Global Renewable Fuels Alliance

GRFA: Evidence Clear - Ethanol Production Does Not Drive Food Prices

(TORONTO) Today the Global Renewable Fuels Alliance (GRFA) released a new chart showing opposite trends in the UN FAO’s Food Price Index (FPI) and world fuel ethanol production since 2008, demonstrating clearly that ethanol production is not a main driver of global food prices. The chart uses the latest world fuel ethanol production data from F.O. Licht’s 2017 forecasts.

The FPI’s steady and significant drop to 161.5 points in 2016 since peaking at 229.9 points in 2011 has paralleled the drop in annual oil prices over the same period. West Texas Intermediate (WTI) annual figures show that oil prices have dropped from $94.88 (USD) in 2011 to $43.15 (USD) in 2016.

By contrast, this decline in food prices has coincided with a period of record ethanol production expansion, rising from 87 billion litres in 2011 to 98.5 billion litres in 2016, a 16% increase over this period. This disparity clearly demonstrates that increased ethanol production does not drive food prices.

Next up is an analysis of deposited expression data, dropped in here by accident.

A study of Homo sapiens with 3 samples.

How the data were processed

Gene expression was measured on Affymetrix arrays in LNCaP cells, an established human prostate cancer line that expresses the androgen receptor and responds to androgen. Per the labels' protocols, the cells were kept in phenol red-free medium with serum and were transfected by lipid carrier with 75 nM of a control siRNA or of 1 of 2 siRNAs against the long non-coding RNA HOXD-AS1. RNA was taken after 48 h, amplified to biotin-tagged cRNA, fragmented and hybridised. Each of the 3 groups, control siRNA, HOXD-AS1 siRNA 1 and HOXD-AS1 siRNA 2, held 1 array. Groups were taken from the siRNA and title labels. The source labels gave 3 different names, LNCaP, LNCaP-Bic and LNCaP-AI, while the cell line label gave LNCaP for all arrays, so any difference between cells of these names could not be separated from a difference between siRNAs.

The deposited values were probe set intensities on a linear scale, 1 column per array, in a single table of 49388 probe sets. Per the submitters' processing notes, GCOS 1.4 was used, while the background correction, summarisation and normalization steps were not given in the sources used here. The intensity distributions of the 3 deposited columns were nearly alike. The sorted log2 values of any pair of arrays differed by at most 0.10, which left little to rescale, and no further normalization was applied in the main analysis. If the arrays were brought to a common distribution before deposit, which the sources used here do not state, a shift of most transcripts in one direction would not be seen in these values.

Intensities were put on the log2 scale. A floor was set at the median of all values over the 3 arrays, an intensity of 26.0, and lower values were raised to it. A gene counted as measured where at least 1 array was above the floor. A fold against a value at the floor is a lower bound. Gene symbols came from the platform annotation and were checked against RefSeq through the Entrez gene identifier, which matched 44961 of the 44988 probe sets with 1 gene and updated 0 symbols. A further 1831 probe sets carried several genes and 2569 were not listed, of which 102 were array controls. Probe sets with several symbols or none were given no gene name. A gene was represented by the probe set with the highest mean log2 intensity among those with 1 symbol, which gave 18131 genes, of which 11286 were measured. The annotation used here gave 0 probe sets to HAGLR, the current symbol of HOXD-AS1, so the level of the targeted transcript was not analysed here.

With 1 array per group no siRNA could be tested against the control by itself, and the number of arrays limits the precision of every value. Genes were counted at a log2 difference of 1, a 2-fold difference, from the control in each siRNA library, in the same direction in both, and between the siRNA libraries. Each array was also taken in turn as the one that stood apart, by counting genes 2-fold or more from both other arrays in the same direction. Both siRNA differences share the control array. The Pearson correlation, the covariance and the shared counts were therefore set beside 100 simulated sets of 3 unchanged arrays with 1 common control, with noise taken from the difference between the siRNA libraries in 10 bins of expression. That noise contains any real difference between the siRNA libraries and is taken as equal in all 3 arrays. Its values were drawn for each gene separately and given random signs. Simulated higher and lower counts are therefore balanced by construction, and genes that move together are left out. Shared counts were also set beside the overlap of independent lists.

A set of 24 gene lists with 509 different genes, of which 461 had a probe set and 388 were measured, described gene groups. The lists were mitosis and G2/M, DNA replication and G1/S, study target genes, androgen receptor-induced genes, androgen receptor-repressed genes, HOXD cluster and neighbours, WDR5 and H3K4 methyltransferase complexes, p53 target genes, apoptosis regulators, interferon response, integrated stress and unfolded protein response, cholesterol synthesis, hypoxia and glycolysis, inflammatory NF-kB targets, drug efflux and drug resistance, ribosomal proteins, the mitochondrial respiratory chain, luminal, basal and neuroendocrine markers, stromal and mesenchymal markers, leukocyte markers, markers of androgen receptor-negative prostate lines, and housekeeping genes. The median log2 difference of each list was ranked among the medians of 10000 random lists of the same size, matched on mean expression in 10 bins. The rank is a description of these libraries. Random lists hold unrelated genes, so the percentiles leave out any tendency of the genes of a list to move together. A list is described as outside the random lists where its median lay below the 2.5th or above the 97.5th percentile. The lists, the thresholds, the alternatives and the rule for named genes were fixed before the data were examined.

“Real world data has long contradicted speculation about ethanol production driving up food prices,” Baker said. “These latest figures should finally put to rest any “food vs. fuel” concerns with ethanol production and are consistent with findings by the World Bank which concluded that almost two thirds of food price increases are caused by rising oil prices,” he added.

The Global Renewable Fuels Alliance is a non-profit organization dedicated to promoting biofuel friendly policies internationally. Alliance members represent over 90% of global biofuels production. Through the development of new technologies and best practices, Alliance members are committed to producing renewable fuels with the smallest possible footprint.

For more information please contact:

Bliss Baker, President, Global Renewable Fuels Alliance

Telephone: (Country Code “1”) 647 309-0058

Email: info@globalrfa.org

Please visit our website at:
www.globalrfa.org


Comments

There are currently no comments on this article.

Enter your comment below. Fields marked * are required. You must preview your comment before submitting it.